New Christian Arab party calls for IDF enlistment

‘Sons of the New Testament’ movement is latest expression of growing desire among country’s Christians to assert their Israeli identity

Father Gabriel Naddaf (photo credit: Facebook image)
Father Gabriel Naddaf (photo credit: Facebook image)

Christian Arab citizens of Israel are forming a new political party that calls for Arab enlistment into the IDF. The party’s Hebrew name — B’nei Brit Hahadasha — means “Sons of the New Testament,” although the word “allies” is hidden in the title as well.

The effort is part of a growing assertiveness on the part of Christian Arabs in the wake of the Arab Spring, as they increasingly sound calls for an identity distinct from Israel’s broader Arab society, which is around 90% Muslim.

According to its Facebook page, the party’s platform includes full integration of Christians in all fields, peace with a democratic Palestinian state and all of Israel’s neighbors, increased tourism and trade, and the return of Israelis who have left the country.

Israel Hayom reported Tuesday that the new movement is led by Bishara Shilyan, a 58-year-old sea captain from the mixed Christian-Muslim city of Nazareth. Shilyan said the idea came to him when he saw how much trouble his nephew ran into when he tried to enlist in the army.

Today, Shilyan’s nephew is a major in a combat unit.

When it was his son’s turn to join the IDF, Shilyan started a local Christian enlistment forum with the help of local priests. One of the clergymen who joined up with the Forum for Drafting the Christian Community was Father Gabriel Naddaf, a Greek Orthodox priest from Yafia who has faced threats for his support of Christian enlistment.

For his backing of Christian recruitment, Naddaf was banned from entering Nazareth’s Church of the Annunciation, and was threatened with being fired from his position in Yafia. The tires of his car were punctured and a rag with bloodstains was laid at his doorstep.

“If I was in America, I wouldn’t be American?” Shilyan said to Israel Hayom. “At least in Israel, everyone who stayed was given the right to become a citizen and integrate into society. But the first demand of Israel, and I’m for it — you need to understand it — is that it is the land of the Jewish people.”

According to Maariv, Shilyan’s efforts have begun to bear fruit: 90 high school graduates have joined the IDF in recent months, a number that may seem like a drop in the bucket considering the total number of 130,000 Arabic-speaking Christians in Israel, but it is a threefold increase compared to 2010. Small as it is, the number was sufficient to enrage Muslim community leaders and politicians, like Balad MKs Hanin Zoabi and Bassel Ghattas.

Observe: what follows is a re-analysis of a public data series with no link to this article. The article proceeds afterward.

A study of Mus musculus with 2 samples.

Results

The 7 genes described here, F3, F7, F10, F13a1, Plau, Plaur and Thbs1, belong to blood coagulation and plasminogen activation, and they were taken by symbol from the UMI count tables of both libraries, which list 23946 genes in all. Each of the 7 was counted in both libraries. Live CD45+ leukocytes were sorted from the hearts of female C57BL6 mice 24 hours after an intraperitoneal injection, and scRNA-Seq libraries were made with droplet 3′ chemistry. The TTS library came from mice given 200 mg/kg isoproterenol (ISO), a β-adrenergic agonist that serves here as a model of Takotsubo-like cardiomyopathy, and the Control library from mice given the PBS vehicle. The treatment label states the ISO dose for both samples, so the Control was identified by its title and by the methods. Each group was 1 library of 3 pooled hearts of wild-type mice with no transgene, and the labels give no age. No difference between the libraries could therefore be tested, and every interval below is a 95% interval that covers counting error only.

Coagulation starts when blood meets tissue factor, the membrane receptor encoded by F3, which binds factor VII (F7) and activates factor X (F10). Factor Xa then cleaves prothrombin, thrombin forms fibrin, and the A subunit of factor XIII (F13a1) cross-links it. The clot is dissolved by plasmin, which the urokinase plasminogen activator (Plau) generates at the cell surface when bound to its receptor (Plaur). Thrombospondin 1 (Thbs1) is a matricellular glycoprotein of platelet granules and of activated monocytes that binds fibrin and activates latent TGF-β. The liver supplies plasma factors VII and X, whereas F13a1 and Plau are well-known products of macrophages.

Despite the harsh opposition, Arab volunteerism is on the rise, and is not limited to the Christian population. New data released by Israel’s Administration for National-Civic Service indicates a rise of 76% in Arab youth volunteering for civil service since September 2001. Economy and Trade Minister Naftali Bennett recently celebrated the 3,000th Arab volunteer, almost double the number of volunteers in 2012 (1,700).

Soon after its creation, the forum paired with right-leaning Israeli NGO Im Tirtzu, which promotes a no-nonsense form of Zionism on Israeli campuses, and began actively recruiting Christian youths in their hometowns.

The forum has been coordinating with military authorities and arranging meetings with Israeli MKs from the center and right including Elazar Stern (Hatnua), Boaz Toporovsky (Yesh Atid), Miri Regev (Likud), and Ayelet Shaked (Jewish Home). The IDF has recently made Christian conscription easier at its Tiberias office, and a special adviser was appointed by the Defense Ministry to deal exclusively with Christians.

In the past, the IDF usually guided Christians into the Bedouin Reconnaissance Battalion, where they are found themselves a tiny minority among Muslim Bedouin and urban Arab soldiers. That is likely to change.

The violence against Middle Eastern Christians in the wake of the Arab Spring has likely pushed Israel’s Christians to more publicly express opinions considered unacceptable in Arab society. Coptic Christians in Egypt have faced attacks on churches and murders of priests since Hosni Mubarak was toppled in 2011. In Syria, Orthodox and Catholic churches have been kidnapped, and Islamist rebels declare Sharia law on Christian villages that fall under their control. “People see what’s happening now in Lebanon, Egypt, and Syria,” said Shilyan. “They understand where we’re living.”

A similar process has taken place among Druze on the Golan Heights. According to government figures, 2012 showed a sharp several-hundredfold increase in requests by young Golan Druze for Israeli citizenship, as they come to the understanding that Israel offers them a future much brighter and safer than neighboring states.